With advanced security features and beneficial options that help consumers control their spending, virtual cards are a relatively new payment method that has changed the way people manage their finances and approach online transactions.
However, what else is in store for virtual cards? How can this payment method continue to innovate in the future?
What is the current state of fintech?
In 2018, the global fintech market was valued at approximately $127.66 billion. This number is expected to grow to $309.98 billion by the end of 2022.
Analysts attribute this massive increase to the fact that both consumers and businesses around the world are adopting fintech for their financial services. In fact, researchers found that 64% of consumers around the world who actively use digital platforms utilize a minimum of one fintech service.
However, this success doesn't mean every category within fintech is prospering at an equal rate. There is one category, in particular, that is outpacing the others considerably, and it's the same one virtual cards fall in.
Payment products and money transfers
The most successful fintech category is payment products and money transfers. Seventy-five percent of consumers use at least one fintech service in this category, and the most common services used include peer-to-peer payments, in-store mobile payments, and non-bank money transfers.
This desire for better payment products shouldn't be surprising. Consumers are moving toward fintech services for various reasons, including attractive fees, ease of use, more innovative products, and better product features and experiences. It's no wonder then that virtual cards are performing so well, but what exactly have virtual cards achieved?
What virtual cards are currently accomplishing
These days, there's a broader awareness of virtual cards, and consumers— even everyday consumers — are starting to see the value of virtual cards, especially as cybersecurity attacks become the norm, and people seek out secure payment methods in response.
Virtual cards, however, are not limited to just consumers. Even merchants are starting to use them. What was once thought of as a prepaid Visa card, virtual cards are now a payment method that most merchants are happy to accept. What's better is that today's virtual cards — specifically, Privacy's virtual cards — are much more convenient to use.
Previously, if a financial institution offered virtual cards, the customer would have to follow several steps to check out a product. They'd have to complete eight tedious steps such as:
- Log into the bank's app or site
- Type in a one time code to prove it's them
- Click "create a virtual card"
- Copy down the virtual card number
- Go to the tab where they were looking at a product
- Paste in the card number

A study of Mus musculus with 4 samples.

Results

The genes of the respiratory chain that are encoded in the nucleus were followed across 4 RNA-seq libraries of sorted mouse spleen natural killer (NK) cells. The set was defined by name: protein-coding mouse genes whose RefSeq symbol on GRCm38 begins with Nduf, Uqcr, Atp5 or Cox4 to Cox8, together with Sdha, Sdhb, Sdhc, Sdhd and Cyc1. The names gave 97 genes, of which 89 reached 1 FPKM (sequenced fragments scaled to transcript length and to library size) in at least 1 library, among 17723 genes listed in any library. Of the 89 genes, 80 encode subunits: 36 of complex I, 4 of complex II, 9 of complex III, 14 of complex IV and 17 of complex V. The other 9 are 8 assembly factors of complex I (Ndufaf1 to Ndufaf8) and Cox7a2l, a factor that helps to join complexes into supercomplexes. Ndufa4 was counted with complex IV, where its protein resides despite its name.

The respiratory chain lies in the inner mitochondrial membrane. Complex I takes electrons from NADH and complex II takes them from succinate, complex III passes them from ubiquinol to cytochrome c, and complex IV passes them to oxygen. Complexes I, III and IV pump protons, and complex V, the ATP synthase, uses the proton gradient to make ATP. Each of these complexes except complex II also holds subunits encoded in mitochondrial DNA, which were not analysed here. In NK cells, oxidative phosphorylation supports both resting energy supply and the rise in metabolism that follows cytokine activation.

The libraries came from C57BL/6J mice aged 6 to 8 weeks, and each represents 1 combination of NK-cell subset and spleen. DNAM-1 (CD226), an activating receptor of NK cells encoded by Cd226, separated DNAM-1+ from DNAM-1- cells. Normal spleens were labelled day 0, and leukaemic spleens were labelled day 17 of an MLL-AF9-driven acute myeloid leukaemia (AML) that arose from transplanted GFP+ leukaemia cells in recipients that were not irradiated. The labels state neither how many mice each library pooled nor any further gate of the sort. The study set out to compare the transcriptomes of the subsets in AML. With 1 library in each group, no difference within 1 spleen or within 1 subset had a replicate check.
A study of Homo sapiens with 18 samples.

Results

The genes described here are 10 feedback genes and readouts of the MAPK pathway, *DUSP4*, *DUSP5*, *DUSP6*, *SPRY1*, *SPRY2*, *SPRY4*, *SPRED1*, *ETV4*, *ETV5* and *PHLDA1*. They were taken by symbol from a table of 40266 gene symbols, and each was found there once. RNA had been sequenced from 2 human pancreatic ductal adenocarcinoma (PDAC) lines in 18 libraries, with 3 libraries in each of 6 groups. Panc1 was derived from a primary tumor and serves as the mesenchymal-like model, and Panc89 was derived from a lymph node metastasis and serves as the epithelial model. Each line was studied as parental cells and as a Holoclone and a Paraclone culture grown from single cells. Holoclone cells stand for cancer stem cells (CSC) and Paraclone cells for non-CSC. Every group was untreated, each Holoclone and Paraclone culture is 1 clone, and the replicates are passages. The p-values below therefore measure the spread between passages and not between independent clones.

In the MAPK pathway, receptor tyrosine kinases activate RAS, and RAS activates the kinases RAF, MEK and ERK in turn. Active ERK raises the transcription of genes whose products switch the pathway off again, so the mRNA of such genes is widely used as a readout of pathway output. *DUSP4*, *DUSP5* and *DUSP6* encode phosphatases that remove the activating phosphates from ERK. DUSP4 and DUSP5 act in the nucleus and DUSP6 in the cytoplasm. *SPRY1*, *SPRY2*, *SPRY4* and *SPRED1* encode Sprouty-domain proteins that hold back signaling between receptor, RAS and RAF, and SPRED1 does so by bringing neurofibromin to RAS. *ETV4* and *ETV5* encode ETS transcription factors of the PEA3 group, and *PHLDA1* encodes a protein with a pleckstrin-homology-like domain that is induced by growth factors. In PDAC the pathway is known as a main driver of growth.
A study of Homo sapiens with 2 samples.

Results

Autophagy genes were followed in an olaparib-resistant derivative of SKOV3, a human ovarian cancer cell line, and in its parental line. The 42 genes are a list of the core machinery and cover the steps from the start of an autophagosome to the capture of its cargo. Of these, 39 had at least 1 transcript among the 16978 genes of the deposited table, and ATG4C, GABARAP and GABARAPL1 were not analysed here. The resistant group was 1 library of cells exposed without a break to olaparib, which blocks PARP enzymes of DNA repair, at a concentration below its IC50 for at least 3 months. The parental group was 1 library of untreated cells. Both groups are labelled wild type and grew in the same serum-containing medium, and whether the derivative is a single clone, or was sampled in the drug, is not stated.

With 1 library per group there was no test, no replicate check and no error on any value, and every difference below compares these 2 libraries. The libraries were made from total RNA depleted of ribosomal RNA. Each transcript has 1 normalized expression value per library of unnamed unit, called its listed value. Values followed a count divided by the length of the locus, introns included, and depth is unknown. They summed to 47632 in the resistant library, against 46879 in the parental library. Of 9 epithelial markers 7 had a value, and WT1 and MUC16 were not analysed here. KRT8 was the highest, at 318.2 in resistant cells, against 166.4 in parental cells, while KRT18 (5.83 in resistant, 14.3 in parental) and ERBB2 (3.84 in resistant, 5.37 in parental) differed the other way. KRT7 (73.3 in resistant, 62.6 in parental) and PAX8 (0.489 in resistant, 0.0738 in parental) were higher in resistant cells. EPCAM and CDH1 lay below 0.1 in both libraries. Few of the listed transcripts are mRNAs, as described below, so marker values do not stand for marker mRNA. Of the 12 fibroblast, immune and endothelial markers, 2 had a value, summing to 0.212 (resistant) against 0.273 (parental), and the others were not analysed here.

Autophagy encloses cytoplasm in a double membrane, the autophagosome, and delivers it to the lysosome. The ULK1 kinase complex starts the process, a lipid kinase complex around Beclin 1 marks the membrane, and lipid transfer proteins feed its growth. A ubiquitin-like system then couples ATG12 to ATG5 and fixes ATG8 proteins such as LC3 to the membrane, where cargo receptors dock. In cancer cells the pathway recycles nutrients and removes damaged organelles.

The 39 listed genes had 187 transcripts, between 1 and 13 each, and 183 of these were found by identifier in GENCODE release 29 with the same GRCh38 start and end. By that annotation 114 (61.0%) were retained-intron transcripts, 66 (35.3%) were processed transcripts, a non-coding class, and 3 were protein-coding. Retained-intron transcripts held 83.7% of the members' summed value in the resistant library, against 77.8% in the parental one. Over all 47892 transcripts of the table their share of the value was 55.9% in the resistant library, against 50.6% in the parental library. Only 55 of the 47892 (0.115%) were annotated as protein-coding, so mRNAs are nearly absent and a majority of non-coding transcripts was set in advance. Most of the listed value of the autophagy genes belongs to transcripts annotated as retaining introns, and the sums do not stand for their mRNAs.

- Go back to the bank's app or site
- Copy the CVV and then put that into the product's checkout page
At Privacy, we make checking out simple. By implementing our web browser extension, someone can visit a checkout page, and the person will immediately notice that we auto-fill every field with their virtual card information. This reduction in friction plays a considerable role in the rising popularity of virtual cards, and the future of this payment method holds many exciting possibilities as well.
Three predictions for the future of virtual cards
Virtual cards are primed to become increasingly popular over the next few years. However, there are a few specific ways in which our team believes this payment method will increase in popularity.
1. Virtual cards will become first-class payment instruments
Eventually, people will only have one or two physical payment cards. Consumers might use Apple Pay or Android Pay as well, but because virtual cards offer so many benefits, consumers will start to have an array of digital processors. Pretty soon, people will even have a tool that they can use to create virtual cards whenever they'd like.
2. Businesses will start to adopt virtual cards
Right now, virtual cards are a consumer finance product. However, they offer a great way to control access to corporate funds. While it's not commonly known, businesses actually have higher liabilities than consumers. Most legislation that limits personal liability are consumer protection laws, but those laws don't apply to brands, which makes it critical for companies to protect their corporate funds.
Virtual cards can be created with parameters, limits, and restrictions, allowing business owners and managers to pass around their company card without any risk. The set guidelines on virtual cards reduce the chances of company funds falling into the wrong hands or unnecessary expenses racking up because of employees. Small to medium-sized businesses find that our team subscription plan, for example, limits a lot of financial distress for decision-makers.
3. The competition will heat up, but the future is bright
Virtual cards fall into the leading fintech category for a reason: they're easy to use, secure, and efficient. As consumers and businesses begin to utilize virtual cards, the fintech industry is going to see more players enter the space. However, this will only challenge businesses to continue improving and pushing boundaries, ultimately bringing virtual cards to a wide-scale acceptance from both consumers and businesses alike.
What do you think is the future of virtual cards? Tell us your predictions on Twitter (@PrivacyHQ) to share your thoughts.